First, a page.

Orestes Pursued by the Furies

In this paper, I defend both the possibility of Permissible-Wrong Actions [PWA] – actions that are morally permissible and nonetheless morally wrong – and the philosophical utility of recognizing this possibility. I propose a pair of plausible distinctions between types of moral assessments, which together make up what I call the Simplified Moral Framework [SMF]. The SMF reveals conceptual space for a pair of distinct act-assessments distinguishing wrongness from permissibility. I show how judgments about PWA provide a solution to several puzzles, revealing PWA to be an explanatorily powerful theoretical tool.

A conference length version of the paper can be accessed HERE

It was as if she had been made afresh out of new elements, and must perforce be permitted to live her own life and be a law unto herself without her eccentricities being reckoned to her for a crime.  — Nathaniel Hawthorne, The Scarlet Letter

The Adequacy Account of Justification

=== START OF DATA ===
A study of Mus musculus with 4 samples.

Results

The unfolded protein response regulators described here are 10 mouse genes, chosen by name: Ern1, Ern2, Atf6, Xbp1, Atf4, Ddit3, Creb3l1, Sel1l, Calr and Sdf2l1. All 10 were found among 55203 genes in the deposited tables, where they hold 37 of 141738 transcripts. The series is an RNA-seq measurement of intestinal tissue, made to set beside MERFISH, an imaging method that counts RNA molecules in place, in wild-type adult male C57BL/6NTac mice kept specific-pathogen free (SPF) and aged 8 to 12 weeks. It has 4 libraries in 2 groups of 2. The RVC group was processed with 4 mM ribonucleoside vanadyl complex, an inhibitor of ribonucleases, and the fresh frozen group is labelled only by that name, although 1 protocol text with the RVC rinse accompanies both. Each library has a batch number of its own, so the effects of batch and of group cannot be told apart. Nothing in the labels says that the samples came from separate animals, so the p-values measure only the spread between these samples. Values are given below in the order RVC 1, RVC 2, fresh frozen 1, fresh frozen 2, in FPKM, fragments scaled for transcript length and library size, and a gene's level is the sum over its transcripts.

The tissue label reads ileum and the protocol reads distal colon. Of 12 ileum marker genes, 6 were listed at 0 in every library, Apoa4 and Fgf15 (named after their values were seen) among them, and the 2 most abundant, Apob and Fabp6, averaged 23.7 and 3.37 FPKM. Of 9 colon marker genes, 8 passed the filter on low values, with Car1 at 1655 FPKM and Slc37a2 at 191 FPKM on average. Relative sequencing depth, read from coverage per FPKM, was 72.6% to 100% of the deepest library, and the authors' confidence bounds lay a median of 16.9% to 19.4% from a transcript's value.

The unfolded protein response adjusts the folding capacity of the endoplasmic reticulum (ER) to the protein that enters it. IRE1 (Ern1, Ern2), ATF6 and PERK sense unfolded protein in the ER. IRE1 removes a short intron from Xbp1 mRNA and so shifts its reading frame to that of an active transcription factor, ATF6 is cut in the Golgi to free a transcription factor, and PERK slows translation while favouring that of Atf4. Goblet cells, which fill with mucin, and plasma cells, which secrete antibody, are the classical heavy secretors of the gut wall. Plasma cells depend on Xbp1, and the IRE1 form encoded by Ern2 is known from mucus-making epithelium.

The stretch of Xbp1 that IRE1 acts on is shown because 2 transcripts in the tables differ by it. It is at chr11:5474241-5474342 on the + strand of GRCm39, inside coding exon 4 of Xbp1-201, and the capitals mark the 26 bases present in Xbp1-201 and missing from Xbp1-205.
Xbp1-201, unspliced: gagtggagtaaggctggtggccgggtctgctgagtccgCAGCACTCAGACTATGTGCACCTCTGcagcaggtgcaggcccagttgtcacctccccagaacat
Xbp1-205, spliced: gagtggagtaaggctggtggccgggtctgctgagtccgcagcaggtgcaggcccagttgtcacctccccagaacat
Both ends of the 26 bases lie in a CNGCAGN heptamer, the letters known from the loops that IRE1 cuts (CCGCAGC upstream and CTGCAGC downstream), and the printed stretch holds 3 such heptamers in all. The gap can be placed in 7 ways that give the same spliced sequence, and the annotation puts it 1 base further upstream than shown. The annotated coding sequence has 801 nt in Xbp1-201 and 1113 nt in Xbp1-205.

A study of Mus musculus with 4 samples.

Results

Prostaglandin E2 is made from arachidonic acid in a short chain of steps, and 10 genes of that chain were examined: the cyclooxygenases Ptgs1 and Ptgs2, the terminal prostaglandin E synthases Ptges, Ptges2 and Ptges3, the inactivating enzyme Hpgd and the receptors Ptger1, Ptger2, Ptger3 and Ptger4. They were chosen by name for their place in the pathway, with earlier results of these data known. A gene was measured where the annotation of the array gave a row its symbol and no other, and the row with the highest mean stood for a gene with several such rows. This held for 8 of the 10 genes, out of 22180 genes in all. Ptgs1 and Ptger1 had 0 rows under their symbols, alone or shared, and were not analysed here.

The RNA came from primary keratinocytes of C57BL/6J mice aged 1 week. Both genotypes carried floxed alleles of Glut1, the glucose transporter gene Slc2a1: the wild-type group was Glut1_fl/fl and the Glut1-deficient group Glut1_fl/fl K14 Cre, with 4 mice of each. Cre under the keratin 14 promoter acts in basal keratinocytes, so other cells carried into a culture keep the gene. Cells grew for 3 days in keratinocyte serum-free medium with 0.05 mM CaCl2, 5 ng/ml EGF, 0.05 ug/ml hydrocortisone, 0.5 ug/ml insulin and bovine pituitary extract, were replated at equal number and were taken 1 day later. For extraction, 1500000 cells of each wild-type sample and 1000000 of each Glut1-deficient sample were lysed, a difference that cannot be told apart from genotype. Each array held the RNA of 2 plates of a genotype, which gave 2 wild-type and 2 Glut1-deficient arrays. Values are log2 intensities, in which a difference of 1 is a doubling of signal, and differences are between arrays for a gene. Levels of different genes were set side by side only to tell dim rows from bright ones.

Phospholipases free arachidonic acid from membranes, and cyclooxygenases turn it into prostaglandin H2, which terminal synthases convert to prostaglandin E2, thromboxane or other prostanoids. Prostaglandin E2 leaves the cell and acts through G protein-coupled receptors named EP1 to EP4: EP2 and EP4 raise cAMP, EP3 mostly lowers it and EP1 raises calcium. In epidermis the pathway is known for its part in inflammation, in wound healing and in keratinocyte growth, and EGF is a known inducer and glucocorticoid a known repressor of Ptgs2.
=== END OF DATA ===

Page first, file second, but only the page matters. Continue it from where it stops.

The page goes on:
Lady Macbeth Sleepwalking

In this paper, I defend the Adequacy Account of Moral Justification. All existing accounts hold that morally justified actions are vindicated or shown to be non-wrong. Instead, I argue that moral justification proves morally permissible actions are morally adequate despite their moral failings. I offer an alternative to the most prominent accounts, according to which an action is justified by appeal to the action alone. I argue that assessments of moral justification (and of permissibility because of its close link to justification) must appeal to agent motivations in addition. I argue that what we know about permissibility in several puzzling scenarios impose constraints on justification that are not accommodated by existing views, but an adequacy account of justification can accommodate.

A version of this paper was previously presented at the APA Pacific.

If there be any in this assembly, any dear friend of Caesar’s, to him I say, that Brutus’ love to Caesar was no less than his. If then that friend demand why Brutus rose against Caesar, this is my answer: Not that I loved Caesar less, but that I loved Rome more. — Brutus (Julius Caesar, 3.2)


A Unified Account of Second-Order Moral Assessments

He that is proud eats up himself: pride is his own glass, his own trumpet, his own chronicle; and whatever praises itself but in the deed, devours the deed in the praise. — Agamemnon (Troilus and Cressida, 2.3)



Dido and Aeneas Meet

Visit this page if you are looking for my research with the Demographics in Philosophy Project.